Of all her sisters, only Peg could talk to my mother when Mother was drinking and angry, which was quite a lot of the time. I saw Sister Alfreda, as the Order of Mercy nuns called her, also perform this magic of tact with her other sisters, whether enraged, determined, drunk, or all of the above. Aunt Peg quietly listened (a lot) and talked (a little) them out of it.
My aunt’s diplomacy and patience might have served her well in the US Foreign Service. To my young eyes, Stalin couldn’t be more difficult than my aunts, especially Aunt Ann on a toot after she threw her husband out. And my aunt the nun had plenty of practice: There were seven sisters who all had complaints, especially when they were fortified with Four Roses whiskey.
She was a saint to us cousins, always sweet and supportive of our schooling, even giving us IQ tests that I suspect she doctored in our favor. I was willing to brag my score but wonder now since she declared my brother a near genius. She always had amusement park tickets and, as we grew to a driving and agnostic age, snuck St. Francis medals unobtrusively into our cars, which may have saved some of our lives.
Aunt Peg was well educated with graduate degrees and served as head librarian at the local Catholic university.
The emotional and spiritual power she exuded obscured her mental deterioration, which went undetected for a long time. I was already in my forties when one of my more ordinary aunts, a nurse, spotted the encroaching dementia that my aunt the nun suffered. But it was this “ordinary” sister, Nancy, who stepped in and guided Peg through the medical and Mercy Order bureaucracy to a lovely room in Mercy Hospital.
“How do you like your room, Peg?” Nancy asked.
“It’s fine, except for the talking door,” Peg said.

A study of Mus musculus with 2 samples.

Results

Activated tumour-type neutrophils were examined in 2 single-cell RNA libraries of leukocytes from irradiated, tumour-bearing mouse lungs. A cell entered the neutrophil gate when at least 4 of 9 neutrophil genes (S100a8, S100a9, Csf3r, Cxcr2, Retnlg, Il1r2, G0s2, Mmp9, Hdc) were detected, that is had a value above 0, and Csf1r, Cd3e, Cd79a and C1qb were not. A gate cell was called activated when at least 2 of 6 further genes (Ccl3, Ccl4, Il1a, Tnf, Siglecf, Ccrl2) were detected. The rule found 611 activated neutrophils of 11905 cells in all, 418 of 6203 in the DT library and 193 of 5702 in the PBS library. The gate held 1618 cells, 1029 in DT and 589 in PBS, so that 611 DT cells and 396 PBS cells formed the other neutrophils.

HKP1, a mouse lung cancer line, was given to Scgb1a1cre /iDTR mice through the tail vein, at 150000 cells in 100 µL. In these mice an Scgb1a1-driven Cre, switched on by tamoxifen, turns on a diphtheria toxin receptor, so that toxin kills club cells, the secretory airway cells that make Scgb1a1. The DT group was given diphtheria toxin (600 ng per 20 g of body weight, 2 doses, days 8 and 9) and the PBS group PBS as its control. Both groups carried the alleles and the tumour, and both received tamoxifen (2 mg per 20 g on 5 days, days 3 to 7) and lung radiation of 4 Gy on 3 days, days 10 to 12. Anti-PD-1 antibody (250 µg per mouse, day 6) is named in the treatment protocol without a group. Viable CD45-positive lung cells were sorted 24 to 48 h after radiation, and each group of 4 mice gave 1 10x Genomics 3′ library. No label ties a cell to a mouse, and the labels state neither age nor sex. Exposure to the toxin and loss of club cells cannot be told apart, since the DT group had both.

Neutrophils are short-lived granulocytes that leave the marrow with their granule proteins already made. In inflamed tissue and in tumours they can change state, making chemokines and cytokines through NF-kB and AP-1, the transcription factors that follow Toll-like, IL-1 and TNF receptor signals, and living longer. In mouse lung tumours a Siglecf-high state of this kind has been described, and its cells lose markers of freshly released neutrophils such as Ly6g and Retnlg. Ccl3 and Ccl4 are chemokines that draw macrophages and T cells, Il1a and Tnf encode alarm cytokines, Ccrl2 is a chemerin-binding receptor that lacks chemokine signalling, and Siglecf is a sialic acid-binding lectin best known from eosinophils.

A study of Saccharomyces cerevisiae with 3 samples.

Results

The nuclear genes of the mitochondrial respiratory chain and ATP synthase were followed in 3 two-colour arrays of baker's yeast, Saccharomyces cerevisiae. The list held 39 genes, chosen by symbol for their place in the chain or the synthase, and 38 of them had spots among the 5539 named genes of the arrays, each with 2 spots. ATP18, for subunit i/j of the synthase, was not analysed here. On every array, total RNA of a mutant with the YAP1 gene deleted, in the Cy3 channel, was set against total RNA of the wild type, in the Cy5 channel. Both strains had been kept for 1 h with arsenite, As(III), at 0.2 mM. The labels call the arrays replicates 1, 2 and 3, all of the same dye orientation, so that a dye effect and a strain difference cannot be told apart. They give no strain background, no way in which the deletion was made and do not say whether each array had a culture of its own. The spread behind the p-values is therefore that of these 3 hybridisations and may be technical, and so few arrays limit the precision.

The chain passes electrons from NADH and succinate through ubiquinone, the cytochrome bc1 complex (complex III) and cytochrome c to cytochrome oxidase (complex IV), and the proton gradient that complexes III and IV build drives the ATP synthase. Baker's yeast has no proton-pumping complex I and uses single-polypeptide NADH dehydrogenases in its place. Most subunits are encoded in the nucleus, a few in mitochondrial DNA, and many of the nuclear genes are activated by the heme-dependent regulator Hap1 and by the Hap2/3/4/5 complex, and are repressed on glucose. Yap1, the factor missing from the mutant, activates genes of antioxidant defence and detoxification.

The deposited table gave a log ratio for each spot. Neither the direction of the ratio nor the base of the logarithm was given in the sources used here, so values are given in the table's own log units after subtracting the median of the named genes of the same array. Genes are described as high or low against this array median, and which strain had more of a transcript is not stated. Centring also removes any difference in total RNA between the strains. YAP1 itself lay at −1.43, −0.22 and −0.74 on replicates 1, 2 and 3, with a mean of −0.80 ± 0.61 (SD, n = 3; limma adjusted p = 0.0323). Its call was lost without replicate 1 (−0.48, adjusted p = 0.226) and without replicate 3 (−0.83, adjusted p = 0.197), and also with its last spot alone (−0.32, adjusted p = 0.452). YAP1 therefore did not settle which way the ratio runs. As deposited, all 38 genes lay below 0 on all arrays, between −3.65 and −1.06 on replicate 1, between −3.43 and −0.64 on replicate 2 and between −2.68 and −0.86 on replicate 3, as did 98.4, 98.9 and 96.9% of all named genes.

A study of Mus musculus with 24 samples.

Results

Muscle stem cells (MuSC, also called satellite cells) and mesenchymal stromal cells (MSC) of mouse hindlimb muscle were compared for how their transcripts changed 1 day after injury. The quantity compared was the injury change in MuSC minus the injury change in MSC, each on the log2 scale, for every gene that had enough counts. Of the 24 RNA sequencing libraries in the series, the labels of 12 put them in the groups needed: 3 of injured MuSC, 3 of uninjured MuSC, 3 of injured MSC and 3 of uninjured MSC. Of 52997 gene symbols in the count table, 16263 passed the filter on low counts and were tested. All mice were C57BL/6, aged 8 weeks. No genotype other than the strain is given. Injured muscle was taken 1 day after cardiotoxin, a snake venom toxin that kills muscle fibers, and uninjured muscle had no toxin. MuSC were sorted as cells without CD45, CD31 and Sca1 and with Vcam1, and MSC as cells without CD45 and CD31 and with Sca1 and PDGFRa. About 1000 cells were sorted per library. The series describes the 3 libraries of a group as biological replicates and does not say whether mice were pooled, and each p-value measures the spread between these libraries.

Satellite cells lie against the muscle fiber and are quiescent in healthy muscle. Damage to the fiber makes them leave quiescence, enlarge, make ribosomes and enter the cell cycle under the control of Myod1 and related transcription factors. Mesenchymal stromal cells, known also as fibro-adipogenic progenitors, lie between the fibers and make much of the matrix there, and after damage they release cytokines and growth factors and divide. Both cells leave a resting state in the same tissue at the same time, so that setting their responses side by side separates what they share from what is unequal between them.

“The door over there talks at night.”
“Peg, I’m sure that there are just some people behind the door, maybe in the next room, that you are hearing.”
“Nancy, I’m seventy-six years old, hold two master’s degrees, and have held very responsible jobs my whole life. I know the difference between people’s voices in the next room and a talking door.”
After hearing that story, I was afraid of a difficult visit. But when I arrived she seemed bright-eyed and lively enough to make me initially think this would be a real pleasure.
But just before I stepped inside the room, a nurse grabbed my arm and said, “Don’t, under any circumstances, give her money. She took a cab out of here yesterday.” I disengaged myself and said okay.
“Hi, Peg, how’s it going?”
“It’s very nice,” she said, keeping an eye on the nurse and then the door when we were alone.
“Jay, please let me have some money.” First thing, not even a hello.
“Well, tell me how it’s going,” I thought might distract her.
“Oh, it’s fine, but I need some money.”
“Peg, the nurse told me not to give you any money.”
“Oh, what does she know?”
“Well, let’s just visit a minute. My son, John, is doing fine in middle school, excels in Spanish.”
“That’s great, but Jay, but about the money.”
Distractions, small talk, family gossip, none were going to work. I thought about the nurse’s desperate grasp of my arm and her pleading look. But then I thought about my terrific Aunt Peg and all she had done for the family. She was a saint and saints deserve at least a few dollars. And there were two kinds of problems here: the nurse’s and mine. I voted for mine. But I thought maybe I could have a win-win for everybody. I’d give Peg some money but not too much.
So I gave her $10. I thought the visit went wonderfully.
After she had passed away (it only took six months), the stories of her intelligence and gentleness and wit abounded throughout the family. But many of them ended with Peg’s final comment on my last visit, one that cemented how unequal our loving relationship was as well as disestablishing my generous nature in my family forever:
“How far does Jay think a person can get on ten dollars?”